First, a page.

I am looking for a way to use a ST multi purpose sensor to control the dimmer level on a Jasco dimmer switch based on the temperature in the closet.
I have a closet full of electronics with a small fan connected to the Jasco dimmer switch. The closet gets very hot, so I have the fan to blow cool air into the closet, but only want it to run at full speed when needed (when it is hot inside).
I have not found a way to trigger the dimmer level based on temperature.
I just wanted to make sure that by “Jasco dimmer switch” you actually meant the “Jasco fan control switch.” You should never use a switch intended as a light dimmer to control a motor like a variable speed fan. It’s a fire hazard.
I looked through your attached thread and it seams like they are talking about large overhead fans. I have emailed the manufacturer to ask since I wasn’t able to find specifics for speed control on their website.
It doesn’t matter whether it’s a floor standing fan, A wall inset fan, or an overhead fan. It’s because it’s a motor driven device. You definitely should use either just a regular on/off switch module or a motor control switch with the device you linked to. A dimmer module rated only to control lights, such as the 45652, is in very real danger of burning out either the module or the fan motor if used with the axial fan. That module should only be used to control lighting. It’s just a matter of physics.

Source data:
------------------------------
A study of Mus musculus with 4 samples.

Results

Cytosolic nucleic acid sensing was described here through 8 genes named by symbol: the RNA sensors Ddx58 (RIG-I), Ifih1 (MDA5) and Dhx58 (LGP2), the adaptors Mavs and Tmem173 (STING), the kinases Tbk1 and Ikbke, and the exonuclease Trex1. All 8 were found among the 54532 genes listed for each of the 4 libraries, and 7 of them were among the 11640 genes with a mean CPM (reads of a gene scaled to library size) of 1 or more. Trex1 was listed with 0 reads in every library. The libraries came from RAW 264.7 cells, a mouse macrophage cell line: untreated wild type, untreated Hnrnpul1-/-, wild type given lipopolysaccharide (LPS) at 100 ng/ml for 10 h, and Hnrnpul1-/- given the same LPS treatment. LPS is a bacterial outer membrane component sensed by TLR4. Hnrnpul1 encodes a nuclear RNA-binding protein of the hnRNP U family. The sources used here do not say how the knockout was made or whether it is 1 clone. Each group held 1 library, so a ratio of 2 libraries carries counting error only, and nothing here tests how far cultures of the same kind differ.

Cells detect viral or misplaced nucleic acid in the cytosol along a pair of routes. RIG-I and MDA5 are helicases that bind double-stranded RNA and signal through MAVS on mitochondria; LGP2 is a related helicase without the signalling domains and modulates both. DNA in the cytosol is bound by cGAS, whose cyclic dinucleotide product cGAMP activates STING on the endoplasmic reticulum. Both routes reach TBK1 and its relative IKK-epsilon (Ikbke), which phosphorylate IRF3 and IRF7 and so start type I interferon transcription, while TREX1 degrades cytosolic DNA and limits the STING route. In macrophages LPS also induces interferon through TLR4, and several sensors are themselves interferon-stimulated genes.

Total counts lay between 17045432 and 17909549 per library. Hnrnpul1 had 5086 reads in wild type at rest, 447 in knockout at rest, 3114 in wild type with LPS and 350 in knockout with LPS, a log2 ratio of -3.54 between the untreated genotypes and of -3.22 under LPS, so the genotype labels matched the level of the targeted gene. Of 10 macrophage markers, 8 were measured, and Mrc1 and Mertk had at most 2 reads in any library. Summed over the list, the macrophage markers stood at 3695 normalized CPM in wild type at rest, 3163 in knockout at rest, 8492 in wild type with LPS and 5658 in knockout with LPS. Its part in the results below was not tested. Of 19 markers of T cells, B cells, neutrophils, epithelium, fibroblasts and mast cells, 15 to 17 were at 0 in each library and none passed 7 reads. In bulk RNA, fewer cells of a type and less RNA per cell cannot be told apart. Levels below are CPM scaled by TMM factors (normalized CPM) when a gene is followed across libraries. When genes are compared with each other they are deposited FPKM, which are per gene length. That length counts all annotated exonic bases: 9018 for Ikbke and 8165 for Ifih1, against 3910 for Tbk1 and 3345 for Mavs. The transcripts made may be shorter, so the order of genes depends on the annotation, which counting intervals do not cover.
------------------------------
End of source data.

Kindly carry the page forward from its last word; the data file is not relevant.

If you’re only interested in having it come on at the highest speed, you can use a regular on/off switch that matches the specifications. Or a switch rated for motor control. Just not a light dimmer switch.
I’m sure the manufacturers can answer any further questions on this.
BTW, always check the specs for any specific model that you’re considering, but most pocket sockets that say they can handle “small appliances” should work fine for that fan. The GE 12719, for example. (That’s the same as the Jasco 45653.)
These are often called “appliance modules.” They will work for either lights or motor-driven devices. The appliance modules and the “lamp control modules” often look identical, so you just have to check the specs.